For reasons old and new, I started rereading Kipling about three months ago: just as I did for O-Level Eng Lit in 1974-75 , except a lot more systematically this time (ie all of it, soup to nuts: 1888-1937). I won’t be posting big reviews, probably — but I will be drawing attention, without too much comment, to stuff that made me LOL or gasp and stretch my eyes.
The first I actually unleashed on tumblr a few weeks ago:
“The rain had turned the pith of his huge and snowy solah topee into an evil-smelling dough, and it had closed on his head like a half-opened mushroom.” (From ‘The Arrest of Lieutenant Golightly’, in Plain Tales of the Hills, 1888)
The second is from the children’s story I remember most fondly (so the fact that I’m issuing a MAJOR TRIGGER WARNING about what’s under the cut perhaps signals the wtf-ness of it):
“We entered the back room where everything was in order, and a screeching canary made us welcome. The uncle had added sausages and piles of buttered toast to the kippers. The coffee, cleared with a piece of fish-skin, was a revelation.” —From 1911’s ‘The Horse Marines’, in 1917’s A Diversity of Creatures, bold mine. And WAIT! WHUT!?? What can “cleared” mean that you can do with FISH-SKIN, and the coffee be good? Emmanuel Pyecroft is a semi-amusingly prankish naval fellow whose conversational agility somewhat prefigures Wodehouse, who lives with his uncle when not at sea. To be fair, Kipling being Kipling, a “revelation” may NOT AT ALL mean good: but Pyecroft is playing the sincerely fulsome host here…
“One does not expect the make-and-break of the magneto — that tiny two-inch spring of finest steel — to fracture (…).” From 1924’s ‘The Prophet and the Country’, published in 1926’s Debits and Credits. Does anyone today who isn’t a Kipling scholar associate him with the cult of fast motors? There’s actually a whole slew of stories — beginning with “Steam Tactics” in 1902 — which set him up to be the Jeremy Clarkson* of his day, not least because he liked to travel fast, and to take revenge on the foolish officials who baulked him (he was a motorist as early as 1899, when “fast” wasn’t even 20 mph…) (*Wind in the Willows, about the ACTUAL J.Clarkson of his day, didn’t appear till 1908…)
“The Cantor of St Illod’s being far too enthusiastic a musician to concern himself with its Library, the Sub-Cantor, who idolized every detail of the work, was tidying up, after two hours’ writing and dictation in the Scriptorum. The copying-monks handed him in their sheets — it was a plain Four Gospels ordered by an Abbot in Evesham — and filed out to vespers. John Otho, better known as John of Burgos, took no heed. He was burnishing a tiny boss of gold in his miniature of the Annunciation for his Gospel of St Luke (…).” From 1920’s ‘The Eye of Allah’, published in 1926’s Debits and Credits. As you maybe recall, the two monkish antagonists in Umberto Eco’s 1980 novel The Name of the Rose (translated 1983), were named William of Baskerville and Jorge of Burgos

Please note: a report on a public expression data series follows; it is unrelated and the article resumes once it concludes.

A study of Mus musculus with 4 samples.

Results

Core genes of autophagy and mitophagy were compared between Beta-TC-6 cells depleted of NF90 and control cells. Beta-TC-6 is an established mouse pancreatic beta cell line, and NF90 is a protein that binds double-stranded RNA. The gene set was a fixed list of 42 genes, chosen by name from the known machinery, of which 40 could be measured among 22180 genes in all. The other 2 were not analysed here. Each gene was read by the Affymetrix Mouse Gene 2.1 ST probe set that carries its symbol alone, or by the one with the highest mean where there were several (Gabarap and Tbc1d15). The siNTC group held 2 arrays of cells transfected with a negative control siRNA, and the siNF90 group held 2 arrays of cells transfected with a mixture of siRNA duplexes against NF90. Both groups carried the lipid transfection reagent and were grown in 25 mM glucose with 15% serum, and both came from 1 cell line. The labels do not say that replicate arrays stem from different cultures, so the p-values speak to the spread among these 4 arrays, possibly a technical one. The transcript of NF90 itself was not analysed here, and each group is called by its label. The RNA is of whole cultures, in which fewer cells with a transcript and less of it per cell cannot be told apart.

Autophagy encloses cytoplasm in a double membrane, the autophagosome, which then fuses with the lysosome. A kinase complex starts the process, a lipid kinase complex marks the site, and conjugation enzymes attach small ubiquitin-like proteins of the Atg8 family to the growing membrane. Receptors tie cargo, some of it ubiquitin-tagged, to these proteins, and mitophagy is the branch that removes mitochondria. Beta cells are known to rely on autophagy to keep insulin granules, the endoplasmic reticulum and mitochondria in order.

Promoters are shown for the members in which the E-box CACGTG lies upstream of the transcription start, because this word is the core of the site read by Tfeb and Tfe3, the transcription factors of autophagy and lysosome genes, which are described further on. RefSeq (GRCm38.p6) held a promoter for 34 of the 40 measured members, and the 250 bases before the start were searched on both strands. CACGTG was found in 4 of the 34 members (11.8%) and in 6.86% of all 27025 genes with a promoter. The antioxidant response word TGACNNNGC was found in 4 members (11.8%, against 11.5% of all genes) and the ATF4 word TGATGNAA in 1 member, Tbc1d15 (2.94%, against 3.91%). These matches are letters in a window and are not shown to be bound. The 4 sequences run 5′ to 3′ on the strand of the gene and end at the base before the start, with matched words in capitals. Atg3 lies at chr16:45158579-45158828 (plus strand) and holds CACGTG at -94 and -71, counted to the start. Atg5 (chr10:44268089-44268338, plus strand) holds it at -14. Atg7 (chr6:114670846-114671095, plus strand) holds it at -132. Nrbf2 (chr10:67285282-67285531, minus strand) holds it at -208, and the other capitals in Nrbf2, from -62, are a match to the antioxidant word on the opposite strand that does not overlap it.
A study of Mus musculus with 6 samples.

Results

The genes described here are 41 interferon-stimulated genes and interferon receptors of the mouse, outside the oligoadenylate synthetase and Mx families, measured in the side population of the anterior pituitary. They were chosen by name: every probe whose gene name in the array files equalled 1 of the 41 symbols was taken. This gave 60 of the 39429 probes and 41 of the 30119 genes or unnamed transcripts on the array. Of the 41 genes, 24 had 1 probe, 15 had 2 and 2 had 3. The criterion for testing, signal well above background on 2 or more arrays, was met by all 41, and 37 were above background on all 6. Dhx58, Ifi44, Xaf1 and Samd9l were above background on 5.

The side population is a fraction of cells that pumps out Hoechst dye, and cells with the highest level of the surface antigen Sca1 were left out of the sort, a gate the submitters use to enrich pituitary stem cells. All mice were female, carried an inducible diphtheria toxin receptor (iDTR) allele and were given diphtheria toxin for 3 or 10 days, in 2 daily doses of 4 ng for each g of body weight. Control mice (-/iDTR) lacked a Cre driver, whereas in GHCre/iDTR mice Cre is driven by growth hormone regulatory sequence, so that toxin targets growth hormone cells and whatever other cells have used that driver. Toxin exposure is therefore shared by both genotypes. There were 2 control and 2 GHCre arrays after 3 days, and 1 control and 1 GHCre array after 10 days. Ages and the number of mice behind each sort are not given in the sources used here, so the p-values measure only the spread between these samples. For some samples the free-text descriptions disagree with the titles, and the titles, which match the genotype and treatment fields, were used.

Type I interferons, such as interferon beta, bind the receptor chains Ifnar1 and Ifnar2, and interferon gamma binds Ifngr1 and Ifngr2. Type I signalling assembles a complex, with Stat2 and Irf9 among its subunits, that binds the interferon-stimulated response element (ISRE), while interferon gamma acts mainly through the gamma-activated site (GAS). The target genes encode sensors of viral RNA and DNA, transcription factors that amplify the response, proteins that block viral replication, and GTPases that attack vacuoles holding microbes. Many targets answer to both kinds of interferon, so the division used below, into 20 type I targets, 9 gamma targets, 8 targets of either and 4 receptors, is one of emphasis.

Something of Myself was Kipling’s fragmentary autobiography, unfinished and posthumously published in 1937. It’s evasive and abrupt by turns: Almost Nothing of Myself would also have been a good name, and it may be that his death is not the only reason for this strangeness. [SERIOUSLY GORY TRIGGER ALERT]
“There was not a sting upon him, for the smell of the garlic had checked the Little People for just the few seconds that he was among them. When he rose Kaa’s coils were steadying him and things were bounding over the edge of the cliff — great lumps, it seemed, of clustered bees falling like plummets; but before any lump touched water the bees flew upward and the body of a dhole whirled down-stream. Overhead they could hear furious short yells that were drowned in a roar like breakers — the roar of the wings of the Little People of the Rocks. Some of the dholes, too, had fallen into the gullies that communicated with the underground caves, and there choked and fought and snapped among the tumbled honeycombs, and at last, borne up even when they were dead on the heaving waves of bees beneath them, shot out of some hole in the river-face, to roll over on the black rubbish-heaps. There were dholes who had leaped short into the trees on the cliffs, and the bees blotted out their shapes; but the greater number of them, maddened by the stings, had flung themselves into the river; and, as Kaa said, the Waingunga was hungry water.” From ‘Red Dog’, in The Second Jungle Book, 1895.